14% of Winona youth hockey league had severe concussions this season

Nera Andueza takes a concussion screening
Nera Andueza takes a concussion screening test at the Science Museum of Minnesota Friday, Feb. 24, 2012. Health Fair 11, in association with North Memorial Medical Center, is offering the free screenings during the state high school sports tournaments to encourage awareness of brain injuries in Minnesota. The tests are used as a baseline for possible future brain injuries.
Alex Kolyer for MPR

A small Winona, Minn. youth hockey league's use of baseline testing this season detected 14 percent of players had concussions severe enough to keep them off the ice.

The league used ImPACT testing on the players, a computerized test that measures memorization and reaction time. If a player is hurt during a game, they are retested and can't return to the ice until they are symptom-free and score at the same level from before the season.

A new state law last year requires coaches to be trained in recognizing the signs of a concussion, but there's also a movement to get more hockey leagues, and other sports, to do the baseline testing.

In the Winona league, all 63 players older than 10 were tested before the season.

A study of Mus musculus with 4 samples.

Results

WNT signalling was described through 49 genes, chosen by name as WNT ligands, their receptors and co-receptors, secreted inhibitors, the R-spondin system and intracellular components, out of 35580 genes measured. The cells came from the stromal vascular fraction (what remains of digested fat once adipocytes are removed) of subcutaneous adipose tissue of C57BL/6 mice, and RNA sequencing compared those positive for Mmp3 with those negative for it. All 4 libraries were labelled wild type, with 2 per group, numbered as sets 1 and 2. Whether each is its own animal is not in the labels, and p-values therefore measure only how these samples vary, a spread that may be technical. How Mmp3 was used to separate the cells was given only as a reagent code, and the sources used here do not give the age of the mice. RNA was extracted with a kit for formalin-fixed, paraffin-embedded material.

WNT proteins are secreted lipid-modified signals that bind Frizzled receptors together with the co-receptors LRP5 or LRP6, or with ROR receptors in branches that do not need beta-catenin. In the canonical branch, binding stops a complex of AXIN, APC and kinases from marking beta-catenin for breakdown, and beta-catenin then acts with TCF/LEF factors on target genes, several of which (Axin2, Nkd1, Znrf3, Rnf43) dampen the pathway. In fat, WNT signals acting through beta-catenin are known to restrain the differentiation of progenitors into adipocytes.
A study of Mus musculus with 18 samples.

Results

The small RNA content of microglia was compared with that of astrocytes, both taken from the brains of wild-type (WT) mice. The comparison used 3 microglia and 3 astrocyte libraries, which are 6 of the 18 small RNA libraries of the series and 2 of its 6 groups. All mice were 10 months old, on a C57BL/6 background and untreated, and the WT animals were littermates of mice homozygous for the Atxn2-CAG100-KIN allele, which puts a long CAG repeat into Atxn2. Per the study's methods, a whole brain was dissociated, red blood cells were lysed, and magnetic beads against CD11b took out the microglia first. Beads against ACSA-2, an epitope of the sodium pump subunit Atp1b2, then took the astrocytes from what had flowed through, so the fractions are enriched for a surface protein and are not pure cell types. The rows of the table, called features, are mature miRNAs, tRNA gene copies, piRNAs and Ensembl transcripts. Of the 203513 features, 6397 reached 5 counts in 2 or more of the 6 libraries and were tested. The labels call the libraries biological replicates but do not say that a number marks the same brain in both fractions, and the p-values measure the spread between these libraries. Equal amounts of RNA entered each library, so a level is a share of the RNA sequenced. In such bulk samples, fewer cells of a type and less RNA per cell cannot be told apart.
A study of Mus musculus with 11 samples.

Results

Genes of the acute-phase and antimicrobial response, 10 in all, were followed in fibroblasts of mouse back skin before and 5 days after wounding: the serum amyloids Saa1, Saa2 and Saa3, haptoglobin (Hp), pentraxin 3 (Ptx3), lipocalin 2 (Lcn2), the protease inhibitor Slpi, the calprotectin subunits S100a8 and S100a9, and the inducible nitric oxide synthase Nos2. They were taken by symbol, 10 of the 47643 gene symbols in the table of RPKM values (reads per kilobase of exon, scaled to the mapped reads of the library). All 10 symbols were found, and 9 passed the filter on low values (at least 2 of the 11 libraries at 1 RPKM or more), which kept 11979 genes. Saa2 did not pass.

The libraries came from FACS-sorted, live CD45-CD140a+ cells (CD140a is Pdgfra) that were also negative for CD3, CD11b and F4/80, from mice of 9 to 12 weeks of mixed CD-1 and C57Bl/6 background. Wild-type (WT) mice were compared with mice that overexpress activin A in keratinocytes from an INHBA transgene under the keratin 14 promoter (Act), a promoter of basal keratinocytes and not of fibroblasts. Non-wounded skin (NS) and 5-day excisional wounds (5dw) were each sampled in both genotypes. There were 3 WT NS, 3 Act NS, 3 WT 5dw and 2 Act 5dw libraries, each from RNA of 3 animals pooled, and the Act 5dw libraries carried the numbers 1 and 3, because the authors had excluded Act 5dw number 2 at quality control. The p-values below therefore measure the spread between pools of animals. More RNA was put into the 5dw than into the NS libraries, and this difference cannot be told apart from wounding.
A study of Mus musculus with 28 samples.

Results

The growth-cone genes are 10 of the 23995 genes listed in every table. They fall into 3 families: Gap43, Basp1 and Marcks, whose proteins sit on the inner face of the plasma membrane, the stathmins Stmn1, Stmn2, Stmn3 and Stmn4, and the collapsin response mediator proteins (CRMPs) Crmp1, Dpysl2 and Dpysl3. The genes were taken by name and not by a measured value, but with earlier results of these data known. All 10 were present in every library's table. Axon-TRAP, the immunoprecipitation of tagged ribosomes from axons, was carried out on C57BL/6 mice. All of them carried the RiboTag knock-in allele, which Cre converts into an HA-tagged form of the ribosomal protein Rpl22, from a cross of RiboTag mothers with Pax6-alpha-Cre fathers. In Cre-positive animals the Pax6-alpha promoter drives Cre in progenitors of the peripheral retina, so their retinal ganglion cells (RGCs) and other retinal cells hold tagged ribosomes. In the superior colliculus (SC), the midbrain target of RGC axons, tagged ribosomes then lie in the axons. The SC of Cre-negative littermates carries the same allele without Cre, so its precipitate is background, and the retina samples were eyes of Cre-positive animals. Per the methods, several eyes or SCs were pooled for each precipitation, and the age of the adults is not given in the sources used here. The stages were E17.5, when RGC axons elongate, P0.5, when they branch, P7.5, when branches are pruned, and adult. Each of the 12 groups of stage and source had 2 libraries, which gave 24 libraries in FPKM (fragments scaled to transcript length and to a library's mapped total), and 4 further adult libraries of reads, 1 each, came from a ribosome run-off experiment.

Lee Trombetta, a surgeon at Winona Health, helped set up the testing with the hospital footing the bill. Trombetta is also the father of two players and an assistant coach for both of his sons' teams.

Everyone in the league also received extensive training, he said, so everyone knew how to look for concussion symptoms.

This year, the league had 12 concussions. Three were seen by physicians, but had no symptoms and tested at the same level as their baseline. They were able to return to the ice immediately. The other nine had decreases in their ImPACT testing and were kept out of play.

"I knew the number of kids identified with symptoms would increase just because of the increased awareness, but the thing that surprised me that 14 percent of kids took a head trauma strong enough to measurably decrease their cognitive test scores," Trombetta said. "To me, that's an absolutely staggering number."

Tombetta suspects that 14 percent would translate statewide, but adds he's not sure how to pay for such programs to be expanded to every league in the state - as well as with football and soccer leagues.